Future Apple headphones and AirPods could have an exciting unique feature. The tech giant company claims that these wearable gadgets could soon have the new bio-authentication sensors it is working on.
The U.S. Patent and Trademark Office published Apple's patent application, which is about their next-generation over-ear headphones and AirPods. The company's patent application covers methods and configurations of operation that uses a self-mixing interferometry sensor and signals.
Both of these were explained to have the ability to recognize user inputs, which include silent gesture and voice commands. Patently Apple reported that the self-mixing interferometry sensor will be configured to direct a beam of light toward the user's head location.
It was explained that this technology will work even if the device is worn on the user's head.
Next-gen AirPods could detect silent gestures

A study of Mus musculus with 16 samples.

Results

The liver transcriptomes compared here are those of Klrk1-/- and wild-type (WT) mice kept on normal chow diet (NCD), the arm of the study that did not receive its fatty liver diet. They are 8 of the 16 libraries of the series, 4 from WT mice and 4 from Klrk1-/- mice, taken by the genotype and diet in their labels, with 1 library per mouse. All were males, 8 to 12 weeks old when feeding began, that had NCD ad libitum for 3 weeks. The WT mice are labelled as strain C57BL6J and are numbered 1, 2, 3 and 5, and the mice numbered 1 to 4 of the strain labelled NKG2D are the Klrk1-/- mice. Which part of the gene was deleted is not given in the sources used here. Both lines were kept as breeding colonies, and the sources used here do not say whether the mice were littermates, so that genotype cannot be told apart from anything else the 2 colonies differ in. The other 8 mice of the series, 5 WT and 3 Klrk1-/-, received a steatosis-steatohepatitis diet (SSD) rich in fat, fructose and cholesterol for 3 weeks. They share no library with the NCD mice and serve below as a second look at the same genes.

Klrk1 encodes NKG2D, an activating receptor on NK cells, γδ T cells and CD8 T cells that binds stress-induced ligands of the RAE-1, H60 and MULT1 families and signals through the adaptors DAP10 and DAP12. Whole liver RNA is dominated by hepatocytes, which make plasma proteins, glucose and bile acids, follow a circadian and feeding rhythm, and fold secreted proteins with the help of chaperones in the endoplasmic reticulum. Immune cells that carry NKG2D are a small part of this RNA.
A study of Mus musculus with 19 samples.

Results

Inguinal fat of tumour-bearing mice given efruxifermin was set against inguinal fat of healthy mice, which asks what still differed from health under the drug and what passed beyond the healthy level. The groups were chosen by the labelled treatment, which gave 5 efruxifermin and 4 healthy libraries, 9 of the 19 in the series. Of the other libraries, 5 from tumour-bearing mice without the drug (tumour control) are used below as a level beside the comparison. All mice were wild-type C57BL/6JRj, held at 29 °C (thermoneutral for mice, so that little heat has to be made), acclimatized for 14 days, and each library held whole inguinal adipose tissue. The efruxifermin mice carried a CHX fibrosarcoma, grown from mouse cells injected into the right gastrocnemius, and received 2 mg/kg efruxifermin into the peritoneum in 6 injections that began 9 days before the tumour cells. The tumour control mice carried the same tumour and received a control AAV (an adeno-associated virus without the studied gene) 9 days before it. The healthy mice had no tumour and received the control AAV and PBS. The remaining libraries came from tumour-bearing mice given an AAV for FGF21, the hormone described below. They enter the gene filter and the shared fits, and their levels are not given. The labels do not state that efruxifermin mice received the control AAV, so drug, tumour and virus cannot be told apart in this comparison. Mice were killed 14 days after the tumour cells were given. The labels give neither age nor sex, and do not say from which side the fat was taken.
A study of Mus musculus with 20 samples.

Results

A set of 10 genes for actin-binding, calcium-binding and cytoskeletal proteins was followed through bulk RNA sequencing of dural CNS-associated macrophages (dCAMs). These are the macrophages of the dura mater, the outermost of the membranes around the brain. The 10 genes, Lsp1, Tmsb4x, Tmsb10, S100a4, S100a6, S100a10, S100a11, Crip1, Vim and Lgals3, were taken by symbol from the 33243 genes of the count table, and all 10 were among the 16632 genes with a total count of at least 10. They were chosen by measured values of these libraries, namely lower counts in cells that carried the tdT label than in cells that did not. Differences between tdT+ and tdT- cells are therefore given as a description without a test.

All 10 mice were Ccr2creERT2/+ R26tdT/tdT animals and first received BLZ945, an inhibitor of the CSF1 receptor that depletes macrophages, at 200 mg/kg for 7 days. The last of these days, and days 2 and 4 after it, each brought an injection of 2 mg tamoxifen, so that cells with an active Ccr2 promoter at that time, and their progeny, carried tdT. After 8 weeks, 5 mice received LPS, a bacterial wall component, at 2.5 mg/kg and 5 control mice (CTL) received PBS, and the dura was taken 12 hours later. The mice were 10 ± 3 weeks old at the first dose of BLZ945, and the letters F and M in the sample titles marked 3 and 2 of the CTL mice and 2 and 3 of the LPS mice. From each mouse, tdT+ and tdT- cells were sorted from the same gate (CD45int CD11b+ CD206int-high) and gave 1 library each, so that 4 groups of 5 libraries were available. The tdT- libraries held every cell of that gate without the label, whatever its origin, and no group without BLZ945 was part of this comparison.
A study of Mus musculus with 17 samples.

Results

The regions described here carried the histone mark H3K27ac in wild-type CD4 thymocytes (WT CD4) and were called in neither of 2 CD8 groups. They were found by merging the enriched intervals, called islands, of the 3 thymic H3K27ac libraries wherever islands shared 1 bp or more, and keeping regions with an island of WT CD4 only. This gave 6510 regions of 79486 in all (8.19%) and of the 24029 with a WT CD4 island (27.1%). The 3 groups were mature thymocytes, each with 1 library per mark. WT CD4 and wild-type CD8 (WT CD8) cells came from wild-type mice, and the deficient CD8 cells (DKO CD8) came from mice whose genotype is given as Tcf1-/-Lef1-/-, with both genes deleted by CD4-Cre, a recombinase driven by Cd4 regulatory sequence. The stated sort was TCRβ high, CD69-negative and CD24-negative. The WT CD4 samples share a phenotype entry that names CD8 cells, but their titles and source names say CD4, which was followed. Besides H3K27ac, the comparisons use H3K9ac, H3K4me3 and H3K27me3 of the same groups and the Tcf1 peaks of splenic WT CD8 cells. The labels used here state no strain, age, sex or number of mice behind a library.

Apple's patent explained that future AirPods could use skin vibration or skin deformation detection. This will efficiently work to identify a user's silent gesture, such as tongue and jaw movements.
If the user forms word inaudibly and without exhaling, the movement will induce skin deformations at one or more locations on the head or scalp. The self-mixing interferometry sensor mounted on the wearable gadget's frame will be the one to detect the movement.
Future AirPods might have rotary volume control
According to Apple Insider, Apple is looking to address the issue of Siri on AirPods Pro and AirPods since many users complained that the AI assistant is not always listening to them.
The giant manufacturer said that it is looking to solve the issue by integrating more control on the wearable device. These include a rotary wheel volume control and touch-sensitive areas.
"Many traditional earbuds suffer from significant drawbacks that may limit the ability to control sounds, or other outputs, at the earbud," Apple explained in the patent, as reported by Apple Insider.
The company added that the additional controls will be helpful since earbuds and other devices that need connection may be unresponsive to voice commands.